Volume 2013, Article ID 949076, 9 pages
Research Article

Household Survey of Pesticide Practice, Deliberate Self-Harm, and Suicide in the Sundarban Region of West Bengal, India

1Institute of Psychiatry, 7 D.L. Khan Road, Kolkata 700 025, India
2Department of Epidemiology & Public Health, Swiss Tropical & Public Health Institute, Basel, Switzerland
3Stuart Road Resource Centre, Northamptonshire Healthcare NHS Foundation Trust, Corby, Northants NN17 1RJ, UK
4University of Basel, Basel, Switzerland

Received 27 April 2013; Revised 26 July 2013; Accepted 30 July 2013

Academic Editor: Niranjan Saggurti

Copyright © 2013 Sohini Banerjee et al. This is an open access article distributed under the Creative Commons Attribution License, which permits unrestricted use, distribution, and reproduction in any medium, provided the original work is properly cited.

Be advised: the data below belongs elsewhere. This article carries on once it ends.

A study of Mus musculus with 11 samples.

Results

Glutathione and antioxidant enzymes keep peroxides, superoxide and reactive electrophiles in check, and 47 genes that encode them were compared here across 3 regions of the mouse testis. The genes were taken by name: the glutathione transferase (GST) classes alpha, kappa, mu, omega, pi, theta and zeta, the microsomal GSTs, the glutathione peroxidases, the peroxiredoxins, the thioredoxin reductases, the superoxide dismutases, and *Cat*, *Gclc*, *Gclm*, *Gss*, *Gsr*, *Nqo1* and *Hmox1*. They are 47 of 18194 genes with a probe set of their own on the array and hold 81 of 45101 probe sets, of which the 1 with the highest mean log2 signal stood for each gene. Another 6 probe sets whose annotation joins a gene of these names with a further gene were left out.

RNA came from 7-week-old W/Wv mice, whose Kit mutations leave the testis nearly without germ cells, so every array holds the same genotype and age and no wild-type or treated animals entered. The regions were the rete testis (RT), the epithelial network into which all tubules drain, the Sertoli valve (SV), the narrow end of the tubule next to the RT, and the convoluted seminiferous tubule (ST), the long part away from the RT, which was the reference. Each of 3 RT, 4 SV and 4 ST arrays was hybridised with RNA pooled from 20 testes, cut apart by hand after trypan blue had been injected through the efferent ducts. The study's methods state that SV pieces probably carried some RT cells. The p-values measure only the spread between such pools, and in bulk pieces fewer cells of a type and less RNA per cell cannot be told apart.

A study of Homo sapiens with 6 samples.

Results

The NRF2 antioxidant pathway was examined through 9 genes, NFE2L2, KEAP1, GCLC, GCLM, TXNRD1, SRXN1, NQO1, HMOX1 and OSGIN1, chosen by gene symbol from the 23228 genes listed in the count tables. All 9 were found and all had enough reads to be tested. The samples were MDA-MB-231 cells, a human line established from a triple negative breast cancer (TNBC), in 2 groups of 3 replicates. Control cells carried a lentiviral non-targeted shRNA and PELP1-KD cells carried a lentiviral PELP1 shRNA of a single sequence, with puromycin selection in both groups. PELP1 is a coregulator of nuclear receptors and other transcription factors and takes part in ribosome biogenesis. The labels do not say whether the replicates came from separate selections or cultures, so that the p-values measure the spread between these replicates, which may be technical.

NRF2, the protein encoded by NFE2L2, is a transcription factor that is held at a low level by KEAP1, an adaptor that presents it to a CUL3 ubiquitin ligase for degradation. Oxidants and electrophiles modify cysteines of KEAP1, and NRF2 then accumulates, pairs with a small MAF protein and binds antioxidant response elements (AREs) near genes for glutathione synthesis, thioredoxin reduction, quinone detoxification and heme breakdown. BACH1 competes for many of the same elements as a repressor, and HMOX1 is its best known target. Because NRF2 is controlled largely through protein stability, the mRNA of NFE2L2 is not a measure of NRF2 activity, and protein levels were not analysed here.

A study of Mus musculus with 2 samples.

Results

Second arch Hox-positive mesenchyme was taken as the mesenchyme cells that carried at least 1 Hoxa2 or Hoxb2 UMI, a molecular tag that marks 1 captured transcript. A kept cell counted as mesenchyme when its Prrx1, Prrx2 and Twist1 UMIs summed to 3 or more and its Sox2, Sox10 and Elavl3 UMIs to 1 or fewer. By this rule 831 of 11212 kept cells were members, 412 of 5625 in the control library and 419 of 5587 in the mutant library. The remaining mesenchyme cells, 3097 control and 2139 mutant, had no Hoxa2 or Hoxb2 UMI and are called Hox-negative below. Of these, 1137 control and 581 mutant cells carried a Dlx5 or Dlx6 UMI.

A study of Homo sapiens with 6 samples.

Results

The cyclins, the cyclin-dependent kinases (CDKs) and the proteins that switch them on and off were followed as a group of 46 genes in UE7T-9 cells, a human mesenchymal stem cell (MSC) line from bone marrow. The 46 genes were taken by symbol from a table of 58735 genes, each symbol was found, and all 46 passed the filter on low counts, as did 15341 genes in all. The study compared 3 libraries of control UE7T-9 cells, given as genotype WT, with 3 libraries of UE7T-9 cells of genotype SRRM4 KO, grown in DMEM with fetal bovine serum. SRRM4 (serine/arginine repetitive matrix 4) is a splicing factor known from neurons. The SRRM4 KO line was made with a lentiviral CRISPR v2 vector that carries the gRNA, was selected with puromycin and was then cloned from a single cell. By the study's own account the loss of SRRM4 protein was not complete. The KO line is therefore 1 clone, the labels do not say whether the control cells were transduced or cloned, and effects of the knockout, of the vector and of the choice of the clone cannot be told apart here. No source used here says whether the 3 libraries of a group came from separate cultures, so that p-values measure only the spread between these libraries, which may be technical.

The toxicological impact and intentional ingestion of pesticides are major public health concerns globally. This study aimed to estimate the extent of deliberate self-harm (DSH) and suicides (suicidal behaviour) and document pesticide practices in Namkhana block of the Sundarban region, India. A cross-sectional study was conducted in 1680 households (21 villages) following a mixed random and cluster design sampling. The survey questionnaire (Household Information on Pesticide Use and DSH) was developed by the research team to elicit qualitative and quantitative information. The Kappa statistic and McNemar’s test were used to assess the level of agreement and association between respondents’ and investigators’ opinions about safe storage of pesticides. Over five years, 1680 households reported 181 incidents of suicidal behaviour. Conflict with family members was the most frequently reported reason for suicidal behaviour (53.6%). The Kappa statistic indicated poor agreement between respondents and investigators about safe storage of pesticides. The pesticide-related annual DSH rate was 158.1 (95% CI 126.2–195.5), and for suicide it was 73.4 (95% CI 52.2–100.3) per 100,000. Unsafe pesticide practice and psychosocial stressors are related to the high rates of suicidal behaviour. An intersectoral approach involving the local governments, agricultural department and the health sector would help to reduce the magnitude of this public health problem.